UK advertisers used behavioural targeting for 6.6% of video ads in the fourth quarter last year, according to research from addressable audience platform Videology.
The report, which marks the first in a series of Videology-led research that will be published exclusively on new media age, is based on more than 300m ad impressions in the UK over a three-month period in the fourth quarter of 2011. Twinings (pictured) is a brand that recently ran an online video campaign on YouTube.
The study revealed 6.6% of video ads, representing 19.8m of the 300m ad impressions, were targeted on a purely behavioural basis in the UK.
Behavioural data was classed as location, daypart and retargeting, all of which are more prevalent in the US with 23% of ad impressions using it for video campaigns, according to the report, which spanned all sectors.
A bigger majority of UK advertisers prefer to combine both behavioural and demographic data, with 14.2% of all ad impressions served using this method, compared with 3.2% in the US.
Vivaki Nerve Center MD Marco Bertozzi (pictured) said the results show retargeting for video remains an untapped area, dwarfed by uptake in display. “If you asked the same question of display that figure [6.6] would be much higher,” he said. “Given the similarities in the way we now buy and target display and video, the question remains; why is so little being applied to video?”
The UK video-on-demand (VOD) market is still driven by TV budgets and extending the reach of TV, but that is gradually evolving, according to Bertozzi. “Until now, video has been driven by really basic audience targeting, such as age and gender – essentially what TV offers,” he said. “We’re starting to see slow shifts towards things like social-demographic targeting and really using what the internet can do, rather than what we have always done on TV. It’s all part of the same data revolution happening within display.”
Essence head of trading and media planning Rupert Privett believes third-party audience data offers much more value when used for video, the latter of which commands higher pricing than standard display. “Third-party audience data is much more attractive to planners when used to improve the targeting and efficiency of video buys than for standard display, because of the incremental cost as a percentage of the media cost,” he said.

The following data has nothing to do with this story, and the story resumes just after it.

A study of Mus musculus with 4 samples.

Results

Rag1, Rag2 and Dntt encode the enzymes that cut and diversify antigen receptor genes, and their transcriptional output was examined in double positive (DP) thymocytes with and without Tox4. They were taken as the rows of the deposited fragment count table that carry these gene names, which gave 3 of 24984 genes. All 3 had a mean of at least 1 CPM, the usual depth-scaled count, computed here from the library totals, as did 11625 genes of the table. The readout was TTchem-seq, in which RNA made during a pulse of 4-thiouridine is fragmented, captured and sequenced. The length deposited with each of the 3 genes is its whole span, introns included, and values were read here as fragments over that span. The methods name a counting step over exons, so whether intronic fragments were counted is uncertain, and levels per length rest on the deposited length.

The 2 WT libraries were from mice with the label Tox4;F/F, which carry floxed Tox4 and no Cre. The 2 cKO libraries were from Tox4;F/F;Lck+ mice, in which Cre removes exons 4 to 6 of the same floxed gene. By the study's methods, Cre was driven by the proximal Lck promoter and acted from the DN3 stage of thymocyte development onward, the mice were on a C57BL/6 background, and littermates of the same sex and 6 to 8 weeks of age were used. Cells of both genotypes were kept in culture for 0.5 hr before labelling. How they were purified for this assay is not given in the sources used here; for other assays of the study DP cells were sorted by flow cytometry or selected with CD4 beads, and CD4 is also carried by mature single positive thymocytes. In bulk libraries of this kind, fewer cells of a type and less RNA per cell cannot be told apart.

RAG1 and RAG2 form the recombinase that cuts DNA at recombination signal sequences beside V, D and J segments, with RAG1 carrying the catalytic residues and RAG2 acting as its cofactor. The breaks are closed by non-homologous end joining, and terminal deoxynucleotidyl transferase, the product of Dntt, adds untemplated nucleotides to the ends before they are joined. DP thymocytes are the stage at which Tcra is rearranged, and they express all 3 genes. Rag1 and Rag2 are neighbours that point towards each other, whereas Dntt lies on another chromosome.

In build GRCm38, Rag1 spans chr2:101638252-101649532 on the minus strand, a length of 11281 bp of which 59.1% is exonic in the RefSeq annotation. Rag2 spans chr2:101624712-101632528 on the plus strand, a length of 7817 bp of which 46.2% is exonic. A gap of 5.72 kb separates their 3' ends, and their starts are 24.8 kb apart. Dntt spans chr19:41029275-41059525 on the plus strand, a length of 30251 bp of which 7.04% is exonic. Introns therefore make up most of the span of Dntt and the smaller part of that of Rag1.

“If you imagine a data segment that is bought at a 50p CPM, then applied to display media bought at a similar cost, so the mark-up is 100% and as such, the media will need to work twice as hard,” he said. “So unless you have a very specific segment you are trying to target, there’s a question of whether that’s actually efficient.”
However, given video is charged on a higher CPM basis, the cost of using a data segment to reach a specific audience is smaller, according to Privett. “If you’re looking at a CPM between £10 and £20, suddenly the incremental cost for using a data segment to reach a specific audience is much smaller so makes much more sense and makes the media buying much more efficient,” he said.
UK advertisers are experimenting more with different ad lengths, according to the report, with 10-second, 15-second, 20-second, 40-second and 60-second creative all recorded in the three month study. However, the dominant length is 30 seconds with 66% of ads recorded at that length.
Agencies believe the lengths used are indicative of the fact the VOD market is driven by TV, so still reliant on repurposed rather than bespoke ads. Mediacom’s associate director of Futures and Implementations Graeme Hutcheson said there is a lack of understanding over the differences between online and TV advertising, which needs addressing.
“The majority of the market uses existing TV assets because it is cheaper than creating a whole new set of bespoke formats,” he said. “The way we can use formats to enhance a campaign is far greater online than on TV. We need to move more towards ads that are fit to purpose rather than rehashing TV assets.”
However, he said more advertisers are acknowledging the value of creating video that’s specifically tailored to online platforms, although there are still challenges to overcome before it is full adopted.
“There still needs to be a bit more of an education process on the side of the advertisers and creative agencies and this is one of the challenges,” he said. “Creative agencies are used to making beautiful, glossy TV ads, and are therefore unlikely to suggest to clients its worth making a 10-15-second cut down to use online.
“But the more we learn about VOD, the more we will understand it’s not just about using a TV creative. There are other KPIs to a campaign – click-through and view-through rates might suddenly become really important and length-copy format is really key to those metrics,” he said.
MPG Contacts head of video Matt Breen (right) agreed that there is a way to go before behavioural targeting equals the use of demographic targeting because advertisers are more familiar with that kind of currency.
“A large proportion of budgets will continue to go against demographic data because that is easily convertible to a TV audience, such as an ABC1 adult, and is therefore more easily transferable in terms of currency,” he said.
The most popular age demographic to target in the UK is 18-24 year olds, according to the report, with 29% of ads served to that demographic. The 25-34 year old bracket followed with 24% and 35-44 year olds at 20%.
The fact the most popular age category for online advertising is 18-24 year olds is also a result of the VOD market being driven by TV spend.
“A lot of budget is still coming from TV and the hardest audience to hit on TV is 18-24-year-old adults – they typically watch very little of it and spend far more time online,” said Breen. “As TV is a very hard environment for advertisers to reach them, they are chasing the audience where they consume media.”